J.P. Morgan to Acquire Bank One

Parrying rival Bank of America's recent move, J.P. Morgan scoops up the Midwest credit card giant for $59 billion.

J.P. Morgan Chase

(JPM) - Get Report

agreed to acquire

Bank One

(ONE) - Get Report

for about $59 billion in stock, snapping up the Midwest credit card giant in a bid to maintain its advantage over

Bank of America

(BAC) - Get Report

, which announced its own mega-merger in October.

J.P. Morgan will exchange 1.32 shares of its stock for every Bank One share outstanding, valuing Bank One's shares at about $51.77 on the basis of Wednesday's close. The combined entity, to be called J.P. Morgan Chase & Co., would have a market capitalization of about $130 billion, $1.1 trillion in assets, and 2,300 branches in 17 states.

Bank One shares closed Wednesday at $45.22, giving the company an overall market capitalization of roughly $50.6 billion. The shares were recently trading on the Instinet after-hours session at $49.74, up $4.52, or 10%. J.P. Morgan shares were down $1.52, or 4%, to $37.70; its market cap is about $80 billion.

J.P. Morgan is currently the second-largest bank in the country behind

Citigroup

(C) - Get Report

but -- prior to today's news -- was expected to drop to No. 3 following the acquisition of

FleetBoston

by Bank of America. Bank One is the sixth largest bank in the country.

The acquisition would return Bank One CEO Jamie Dimon to New York three years after he was ousted from the No. 2 spot at Citigroup in an acrimonious struggle with Citigroup CEO Sandy Weill. The banks said William Harrison will remain chairman and chief executive of the combined company until 2006, when he will be succeeded as CEO by Dimon, currently the combined company's president and chief operating officer.

"I think it's a great deal," said Michael Stead, a Wells Capital Management portfolio manager, who owns both bank stocks in his fund. "It will smooth out J.P. Morgan's revenue stream."

Stead also said Dimon's ascension would be a good thing, helping clean house after J.P. Morgan's sordid involvement in the

Enron

debacle.

The estimated 20% premium is not nearly as frothy as the one paid in Bank of America's $47 billion acquisition of FleetBoston, which is scheduled to close in March. BofA is coughing up a 40% premium for Fleet, based on the price of the shares the day the deal was announced.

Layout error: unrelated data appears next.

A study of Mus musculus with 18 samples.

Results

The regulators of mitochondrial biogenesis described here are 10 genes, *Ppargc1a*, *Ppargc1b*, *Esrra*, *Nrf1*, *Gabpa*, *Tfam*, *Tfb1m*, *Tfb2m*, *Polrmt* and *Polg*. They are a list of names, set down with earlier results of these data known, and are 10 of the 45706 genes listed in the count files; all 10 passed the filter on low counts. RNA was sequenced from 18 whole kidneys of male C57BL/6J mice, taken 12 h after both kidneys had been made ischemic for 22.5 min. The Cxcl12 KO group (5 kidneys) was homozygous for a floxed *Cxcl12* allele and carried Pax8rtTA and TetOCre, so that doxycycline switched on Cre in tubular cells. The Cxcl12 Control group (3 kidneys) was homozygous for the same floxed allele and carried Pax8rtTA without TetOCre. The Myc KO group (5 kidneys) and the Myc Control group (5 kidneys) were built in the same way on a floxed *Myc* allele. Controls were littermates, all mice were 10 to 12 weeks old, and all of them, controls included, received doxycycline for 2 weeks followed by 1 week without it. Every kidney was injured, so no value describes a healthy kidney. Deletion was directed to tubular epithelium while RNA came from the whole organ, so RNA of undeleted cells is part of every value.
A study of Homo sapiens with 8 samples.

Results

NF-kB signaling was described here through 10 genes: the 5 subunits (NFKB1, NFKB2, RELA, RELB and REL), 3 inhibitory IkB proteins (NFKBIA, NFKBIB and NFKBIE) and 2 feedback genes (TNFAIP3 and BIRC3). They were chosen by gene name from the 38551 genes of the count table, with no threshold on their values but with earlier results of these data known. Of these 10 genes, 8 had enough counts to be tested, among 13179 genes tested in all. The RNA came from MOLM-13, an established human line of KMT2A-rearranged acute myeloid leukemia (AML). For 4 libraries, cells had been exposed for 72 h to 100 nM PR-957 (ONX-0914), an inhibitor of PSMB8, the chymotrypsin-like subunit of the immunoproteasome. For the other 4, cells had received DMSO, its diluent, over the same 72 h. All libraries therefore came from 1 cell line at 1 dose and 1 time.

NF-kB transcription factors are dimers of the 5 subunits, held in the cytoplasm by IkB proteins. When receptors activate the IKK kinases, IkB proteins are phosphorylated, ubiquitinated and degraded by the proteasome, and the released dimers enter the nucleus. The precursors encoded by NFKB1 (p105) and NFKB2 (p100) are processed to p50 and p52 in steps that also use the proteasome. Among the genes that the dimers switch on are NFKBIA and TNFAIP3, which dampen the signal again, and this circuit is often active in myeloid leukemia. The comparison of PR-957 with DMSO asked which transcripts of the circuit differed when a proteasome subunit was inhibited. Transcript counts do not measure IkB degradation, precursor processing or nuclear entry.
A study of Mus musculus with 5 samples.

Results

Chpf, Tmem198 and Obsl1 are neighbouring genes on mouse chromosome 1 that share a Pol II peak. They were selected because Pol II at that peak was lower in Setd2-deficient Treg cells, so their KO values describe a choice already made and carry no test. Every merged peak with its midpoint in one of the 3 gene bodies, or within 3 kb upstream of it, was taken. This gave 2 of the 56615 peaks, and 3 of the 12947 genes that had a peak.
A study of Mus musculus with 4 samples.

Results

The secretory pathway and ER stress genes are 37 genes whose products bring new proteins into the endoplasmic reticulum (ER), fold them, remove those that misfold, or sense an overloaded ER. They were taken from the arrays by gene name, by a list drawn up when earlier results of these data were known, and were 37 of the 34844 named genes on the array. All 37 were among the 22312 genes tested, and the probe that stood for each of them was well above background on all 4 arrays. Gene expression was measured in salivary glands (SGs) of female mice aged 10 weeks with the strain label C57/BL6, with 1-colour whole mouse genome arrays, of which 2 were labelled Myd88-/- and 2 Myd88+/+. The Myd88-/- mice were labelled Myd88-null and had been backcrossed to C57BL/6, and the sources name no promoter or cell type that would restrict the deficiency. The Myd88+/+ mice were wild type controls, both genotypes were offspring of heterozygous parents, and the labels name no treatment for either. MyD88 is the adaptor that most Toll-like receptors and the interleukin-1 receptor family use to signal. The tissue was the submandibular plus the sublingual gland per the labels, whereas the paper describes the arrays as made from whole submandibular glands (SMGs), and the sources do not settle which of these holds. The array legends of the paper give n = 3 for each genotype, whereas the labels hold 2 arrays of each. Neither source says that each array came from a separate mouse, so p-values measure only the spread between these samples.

Early returns on J.P. Morgan's mega-deal are positive.

Sean Egan, president of Egan Jones Ratings, a small independent rating service, said the deal finally will bring J.P. Morgan Chase closer to competing with Citigroup as a full-service consumer and commercial bank. He said Bank One will strengthen J.P. Morgan's consumer and retail offerings and bring needed management "new blood" in the form of Dimon.

One of the criticisms of the merger of J.P. Morgan and Chase Manhattan has been that the merged bank never lived up to expectations. Harrison and other J.P. Morgan executives had boasted that that merger in 2000 would let the nation's No. 2 bank compete head to head with Citigroup.

But in many respects, J.P. Morgan never caught up with Citigroup. Even after the merger, J.P. Morgan never had the consumer dominance of its crosstown rival, and its investment banking business has been too dependent on bond trading -- never a particularly reliable revenue stream.

The banks expect pretax cost savings of $2.2 billion over the next three years and the transaction to be accretive to GAAP earnings starting in 2005. Merger-related costs are expected to be $3 billion before taxes. Bank One expects to increase its quarterly dividend to 45 cents.